This week's ad:tech San Francisco kicked off with a three-hour exploration of creativity, inspiration, and vision -- and how they pertain to digital advertising's future. Consider the motivational thoughts of the following eight speakers:
Håkan Eriksson, CTO of Ericsson, reminded us of the implications of the continuing connectivity revolution. Broadband, cloud computing, and mobility will transform our lives in a near future where more than 50 billion devices will be connected. If marketers aren't thinking of their brands in the terms of a fully connected future, they're ignoring the reality that they already live in.
Wendy Lea, CEO of Get Satisfaction, spoke on the topic of corporate leadership in our dynamic industry. She reminded attendees that business success today relies on imagination, innovation, and initiative -- not just raw work and efficiency. "As a leader in these creative times, please observe and don't judge," she advised. In addition, leaders must engage -- not demand. And they must lead with their influence.
Renny Gleeson, global director of interactive strategies at Wieden + Kennedy, encouraged marketers to embrace the brand hackers who -- initially unbeknownst to the companies themselves -- are using their brands as tools to create value in unexpected ways. "Let your brand voice be your guide," he advised when it comes to deciding who to partner with. Innovation can come from everywhere, and the best ideas for your brand are increasingly likely to spring up outside the walls of your own organization.
I See Hawks, a band from Los Angeles, was formed during the early stages of the digital music revolution. While other musicians struggled -- and failed -- to adapt to the new business reality, I See Hawks embraced social networking and the power of digital to build its fan base. The band performed at ad:tech as a reminder that the open-minded and innovative are the ones who will survive and thrive in the face of dramatic industry shifts.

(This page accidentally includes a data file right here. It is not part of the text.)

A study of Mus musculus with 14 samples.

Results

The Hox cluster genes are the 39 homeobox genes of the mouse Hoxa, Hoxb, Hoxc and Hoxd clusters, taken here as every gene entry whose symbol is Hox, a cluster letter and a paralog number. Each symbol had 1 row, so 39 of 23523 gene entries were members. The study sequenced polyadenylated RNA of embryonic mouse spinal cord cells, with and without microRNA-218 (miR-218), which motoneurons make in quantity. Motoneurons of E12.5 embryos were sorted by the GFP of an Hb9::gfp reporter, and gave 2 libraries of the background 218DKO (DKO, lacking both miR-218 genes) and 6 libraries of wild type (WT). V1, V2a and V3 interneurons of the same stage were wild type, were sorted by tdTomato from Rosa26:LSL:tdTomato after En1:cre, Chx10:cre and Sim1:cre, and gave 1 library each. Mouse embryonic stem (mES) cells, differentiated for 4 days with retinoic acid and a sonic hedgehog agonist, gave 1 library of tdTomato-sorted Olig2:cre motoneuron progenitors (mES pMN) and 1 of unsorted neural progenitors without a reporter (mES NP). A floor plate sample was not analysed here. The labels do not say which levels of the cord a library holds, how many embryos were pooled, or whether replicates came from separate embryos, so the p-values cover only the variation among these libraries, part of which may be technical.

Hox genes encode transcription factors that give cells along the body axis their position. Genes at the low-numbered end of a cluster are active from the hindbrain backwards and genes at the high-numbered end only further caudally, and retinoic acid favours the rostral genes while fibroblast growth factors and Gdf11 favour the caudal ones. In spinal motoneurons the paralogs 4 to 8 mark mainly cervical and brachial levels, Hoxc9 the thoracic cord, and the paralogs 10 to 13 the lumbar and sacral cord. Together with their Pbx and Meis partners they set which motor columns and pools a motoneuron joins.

Tom Deierlein, president and CEO of ThunderCat Technology, is a real-life hero. A digital marketing executive since 1996, Deierlein was called up to serve in the U.S. Army in combat. During his time overseas, he dedicated much of his time and effort to supplying local needy children and families with the supplies they need for healthy lives. After he was shot in Baghdad in September 2006, his recovery coincided with the development of the TD Foundation, which continues his work to improve the lives of Iraqi and Afghan children. He reminded ad:tech attendees about the critical differences that the digital advertising industry can and does make in the lives of needy children. Everyone can do something.
Equity analyst Michael Knolla reminded attendees that skills gained in the unlikeliest of places serve us later in life. He made a compelling argument that his childhood spent reading comic books and science fiction novels equipped him for his life as an equity analyst. After all, reading comics in a serialized form requires you to retain knowledge and draw on it for later use. It's also effective in developing the ability to separate the signal from the noise. Such is the case for all of us. We can't rely simply on our educations or professional experiences to prepare us for life in the digital marketing industry. Every aspect of our lives feeds our abilities.
Michela O'Connor Abrams, president of Dwell Media, discussed the importance of design, not just in the architectural world, but in life. "Design is not a language or profession," she said. "It's something we each have in our DNA." Think about ways in which good design can improve lives -- including those of your employees and your customers.
Mark Joyner, founder and CEO of ConstructZero.org, is looking to build "dirt cheap decentralized distribution devices" (DC3D). Joyner believes that DC3Ds will solve most of the world's major problems -- and he expects to produce them without venture capital or any "corrupted" sources of investment. He reminded attendees about the importance of developing technology that enhances our liberties.